With the number of deaths from COVID-19 in Connecticut’s nursing homes surpassing 2,900 this month and the state stepping up mandates for testing, health officials and legislators are forming a panel to consider whether there should be new legal requirements for staffing levels, testing and how equipment is procured and distributed, among other issues.
The state’s nursing homes are some of the hardest hit facilities, with 64% of Connecticut’s coronavirus fatalities occurring there. As of Oct. 20, the most recent data available, 9,109 nursing home residents had been infected. Thousands of staff members also contracted the virus, and more than a dozen have died.
“We were in a crisis, and we still are,” said state Rep. Toni Walker, D-New Haven, a longtime co-chair of legislature’s Appropriations Committee and a co-chairwoman of the new nursing home working group. “Because of that, sometimes things don’t get responded to in the most expeditious way. So we hope this [group] is going to help us to that.”
The panel will examine staffing levels in nursing homes, how facilities are handling infectious disease control, policies around visitation and socialization, how much personal protective equipment the homes have and the rules surrounding its usage, capital improvements at the facilities and testing requirements.
Many of the issues were identified in a sweeping report by Mathematica, an independent firm hired by the state to review the crisis in Connecticut’s nursing homes.
Mathematica found that because many early efforts were focused on coordination and resources for hospitals, the state’s preparedness and response at long-term care facilities was hampered. The firm also concluded that nursing homes did not take prompt and immediate action to limit entry to their buildings, enforce staff screening measures and implement universal mask wearing early on.
Lawmakers have been flooded with calls from constituents who expressed concerns about the virus spreading in nursing homes and quality of care their loved ones have received.
“A lot of them felt that they were abandoned and that their loved ones were abandoned,” Walker said. “We have to reassure them that we haven’t abandoned them, and we need to come up with better protocols on how we work during the pandemic.”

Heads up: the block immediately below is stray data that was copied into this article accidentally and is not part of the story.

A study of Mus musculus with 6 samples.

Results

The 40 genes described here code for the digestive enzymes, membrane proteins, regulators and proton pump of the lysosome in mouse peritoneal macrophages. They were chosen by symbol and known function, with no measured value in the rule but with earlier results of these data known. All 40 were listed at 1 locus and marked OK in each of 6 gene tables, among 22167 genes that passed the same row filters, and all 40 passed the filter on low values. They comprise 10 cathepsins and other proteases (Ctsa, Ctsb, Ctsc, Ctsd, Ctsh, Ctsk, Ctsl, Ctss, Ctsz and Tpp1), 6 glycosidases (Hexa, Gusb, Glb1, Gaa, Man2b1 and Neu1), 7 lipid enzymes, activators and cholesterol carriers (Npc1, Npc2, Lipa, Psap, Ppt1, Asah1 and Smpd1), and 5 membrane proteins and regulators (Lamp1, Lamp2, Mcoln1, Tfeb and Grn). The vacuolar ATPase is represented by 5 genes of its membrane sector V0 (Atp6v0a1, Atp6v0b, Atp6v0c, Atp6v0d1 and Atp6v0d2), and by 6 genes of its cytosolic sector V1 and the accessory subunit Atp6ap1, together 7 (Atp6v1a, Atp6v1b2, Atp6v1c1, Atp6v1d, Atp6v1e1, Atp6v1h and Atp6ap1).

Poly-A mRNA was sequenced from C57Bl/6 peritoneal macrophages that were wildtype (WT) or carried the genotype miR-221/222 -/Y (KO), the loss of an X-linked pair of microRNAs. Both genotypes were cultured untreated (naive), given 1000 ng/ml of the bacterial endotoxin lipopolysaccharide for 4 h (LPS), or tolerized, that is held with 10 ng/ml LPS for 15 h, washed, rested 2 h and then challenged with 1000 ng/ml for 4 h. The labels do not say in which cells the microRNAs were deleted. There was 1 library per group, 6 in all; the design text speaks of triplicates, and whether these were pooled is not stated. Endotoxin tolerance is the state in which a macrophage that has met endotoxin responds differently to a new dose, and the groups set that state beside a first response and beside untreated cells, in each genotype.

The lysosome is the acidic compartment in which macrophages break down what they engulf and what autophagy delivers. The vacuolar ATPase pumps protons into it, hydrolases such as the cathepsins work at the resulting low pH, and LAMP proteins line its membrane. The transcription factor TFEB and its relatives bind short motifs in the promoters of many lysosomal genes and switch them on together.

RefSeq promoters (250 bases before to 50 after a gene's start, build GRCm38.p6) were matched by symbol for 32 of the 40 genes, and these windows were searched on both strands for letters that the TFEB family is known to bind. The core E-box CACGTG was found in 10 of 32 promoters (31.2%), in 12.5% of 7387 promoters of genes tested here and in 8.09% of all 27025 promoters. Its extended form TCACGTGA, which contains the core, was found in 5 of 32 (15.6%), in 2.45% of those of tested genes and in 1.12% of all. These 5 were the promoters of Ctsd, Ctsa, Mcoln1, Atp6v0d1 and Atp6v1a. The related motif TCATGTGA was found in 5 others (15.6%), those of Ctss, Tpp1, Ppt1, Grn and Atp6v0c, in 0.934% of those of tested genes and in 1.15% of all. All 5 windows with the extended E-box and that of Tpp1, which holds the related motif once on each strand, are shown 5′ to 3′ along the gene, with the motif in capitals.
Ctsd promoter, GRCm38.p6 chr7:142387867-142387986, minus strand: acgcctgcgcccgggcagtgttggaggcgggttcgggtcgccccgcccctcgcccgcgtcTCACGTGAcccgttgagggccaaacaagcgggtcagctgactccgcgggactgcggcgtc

Deidre Gifford, the state’s acting public health commissioner, will co-chair the nursing home panel. Legislators from the Human Services, Public Health, Appropriations, Aging and Labor committees – who are expected to eventually weigh legislation on these issues – will participate, along with industry officials, nursing home workers, union representatives, the long-term care ombudswoman and families with loved ones in nursing homes.
Coronavirus cases in the state’s nursing homes surged last winter and spring. The rate of new cases slowed during the summer, after facilities began testing all staff and residents on a regular basis.
But infections in nursing homes are on the rise again as Connecticut’s overall case count keeps increasing. As of Tuesday, the state’s positivity rate reached 4.1%, the highest one-day number since early June.
The Department of Public Health is again requiring all long-term care facilities to test staff members on a weekly basis. The state mandated the weekly testing of employees in June but relaxed that policy weeks later to match federal guidelines. Over the summer, facilities that had no new COVID-19 cases for 14 days could stop testing. This fall, the state changed the policy again to require staff testing at least once a month and recently mandated that nursing homes in “hot spots” – areas with a high rate of new cases – test staff weekly. That mandate is now extended to all facilities.
Nursing homes recently began to allow indoor visitations for the first time in months, though there is no state policy requiring visitors to be tested. Some facilities in regions with high community spread have instituted their own policies for visitor testing.
Matthew Barrett, president and CEO of the Connecticut Association of Health Care Facilities, said he is supportive of the new nursing home panel and has been invited to participate.
“To begin working on these issues that are multi-dimensional and have a lot of moving parts in advance of the legislative session, I think, is wise,” he said.
The nursing home panel will meet weekly and come up with recommendations for legislation by early January.